Forthcoming in November 2019
Why, asks Pem Davidson Buck, is punishment so central to the functioning of the United States, a country proclaiming “liberty and justice for all”? The Punishment Monopoly challenges our everyday understanding of American history, focusing on the constructions of race, class, and gender upon which the United States was built, and which still support racial capitalism and the carceral state. After all, Buck writes, “a state, to be a state, has to punish … bottom line, that is what a state and the force it controls is for.”
Using stories of her European ancestors, who arrived in colonial Virginia in the seventeenth and eighteenth centuries, and following their descendants into the early nineteenth century, Buck shows how struggles over the right to punish, backed by the growing power of the state governed by a white elite, made possible the dispossession of Africans, Native Americans, and poor whites. Those struggles led to the creation of the low-wage working classes that capitalism requires, locked in by a metastasizing white supremacy that Buck’s ancestors, with many others, defined as white, helped establish and manipulate. Examining those foundational struggles illuminates some of the most contentious issues of the twenty-first century: the exploitation and detention of immigrants; mass incarceration as a central institution; Islamophobia; white privilege; judicial and extra-judicial killings of people of color and some poor whites. The Punishment Monopoly makes it clear that none of these injustices was accidental or inevitable; that shifting our state-sanctioned understandings of history is a step toward liberating us from its control of the present.
In a reckoning with the past that explains the horrors of the present, anthropologist Pem Buck digs into tales of her ancestors and historical archives to weave an unforgettable story of the rise and reproduction of the family, private property, and the punitive state. The secret global history of the United States revealed in this masterwork is a must-read for knowing the world, then and now.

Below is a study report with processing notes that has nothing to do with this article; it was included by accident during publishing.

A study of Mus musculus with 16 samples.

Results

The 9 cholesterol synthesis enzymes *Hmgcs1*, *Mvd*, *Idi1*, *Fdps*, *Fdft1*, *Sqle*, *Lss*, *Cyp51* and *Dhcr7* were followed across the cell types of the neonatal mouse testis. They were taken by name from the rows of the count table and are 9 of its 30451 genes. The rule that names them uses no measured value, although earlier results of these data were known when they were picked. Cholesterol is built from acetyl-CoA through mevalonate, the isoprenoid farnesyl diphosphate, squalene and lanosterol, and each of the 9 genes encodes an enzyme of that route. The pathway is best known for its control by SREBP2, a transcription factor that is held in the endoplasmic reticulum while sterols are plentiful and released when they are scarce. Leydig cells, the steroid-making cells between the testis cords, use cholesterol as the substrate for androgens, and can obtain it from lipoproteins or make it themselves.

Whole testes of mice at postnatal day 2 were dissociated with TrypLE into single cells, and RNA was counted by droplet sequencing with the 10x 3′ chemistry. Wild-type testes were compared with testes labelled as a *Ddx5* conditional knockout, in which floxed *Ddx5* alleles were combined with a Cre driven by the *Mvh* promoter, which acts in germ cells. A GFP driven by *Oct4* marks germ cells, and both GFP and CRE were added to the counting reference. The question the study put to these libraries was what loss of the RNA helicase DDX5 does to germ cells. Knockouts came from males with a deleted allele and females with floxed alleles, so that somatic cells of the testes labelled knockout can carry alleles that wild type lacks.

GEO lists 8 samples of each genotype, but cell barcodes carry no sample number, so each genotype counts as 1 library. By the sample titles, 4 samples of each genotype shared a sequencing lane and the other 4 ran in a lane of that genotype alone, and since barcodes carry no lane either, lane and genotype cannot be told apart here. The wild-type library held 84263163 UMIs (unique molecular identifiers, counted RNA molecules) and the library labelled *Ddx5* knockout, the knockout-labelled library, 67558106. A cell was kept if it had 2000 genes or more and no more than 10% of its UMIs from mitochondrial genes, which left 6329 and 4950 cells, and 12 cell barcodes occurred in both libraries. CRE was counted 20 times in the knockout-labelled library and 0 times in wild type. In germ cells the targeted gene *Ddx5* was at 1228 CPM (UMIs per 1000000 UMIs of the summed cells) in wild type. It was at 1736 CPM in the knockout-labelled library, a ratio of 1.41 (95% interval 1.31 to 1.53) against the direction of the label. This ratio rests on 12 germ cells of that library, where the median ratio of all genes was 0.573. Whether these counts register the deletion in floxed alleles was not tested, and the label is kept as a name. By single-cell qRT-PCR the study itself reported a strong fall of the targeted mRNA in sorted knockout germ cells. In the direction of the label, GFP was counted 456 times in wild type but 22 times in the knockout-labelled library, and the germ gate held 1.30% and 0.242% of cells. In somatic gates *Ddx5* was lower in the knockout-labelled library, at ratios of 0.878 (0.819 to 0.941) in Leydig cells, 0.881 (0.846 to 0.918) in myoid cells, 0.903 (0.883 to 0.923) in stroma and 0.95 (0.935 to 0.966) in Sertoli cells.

Through the lens of her settler colonial family history, Pem Davidson Buck tells a story of interwoven experiences of dispossession and the use of force on three continents over five centuries undergirding power relations in the U.S. state. Her efforts to bring equal narrative attention to the experiences of those with dramatically unequal documentation in dominant historical records make this an original and compelling background for vital work in countering deep social, political, and economic injustices in the current U.S.
This book is a major feat in historical interpretation. It un-silences important aspects of the U.S. past and present through its intersectional approach to multicultural contact and interaction; the intricate workings of colonial power continued into the present day; the dehumanizing effects of indenture, genocide, and enslavement in a class and racially stratified social order that came to be organized around white privilege and supremacy, heteropatriarchy, and punishment. Like no other book I’ve read, Buck’s remarkable counter-storytelling brings the insights of an ethnographer and creative writer to her tales about her Scottish ancestors, whose privileges depended on the dispossession, displacement, and enslavement of others. Throughout the history she narrates, from colonial Jamestown to the current-day Fergusons and Standing Rocks, her analysis of statecraft, the power to punish, and ordinary people’s resistance is accessible, theoretically engaging, and methodologically honest.
In the United States, we often assume that social theory of the state—specifically as an entity that has jealously gathered unto itself the power to kill—belongs on the other side of the Atlantic. Pem Buck’s work shows, through a revelatory 400-hundred year historical anthropology of her own family, that the U.S. has its own genealogy of state violence.
In an extraordinary combination of state-theory and genealogical analysis, this book exposes the rarely acknowledged relationships between the right to punish and processes of accumulation of capital and dispossession in U.S. history. Pem Buck’s book is an outstanding contribution to political theory, American history, kinship studies, reflexive anthropology, and studies in culture and power.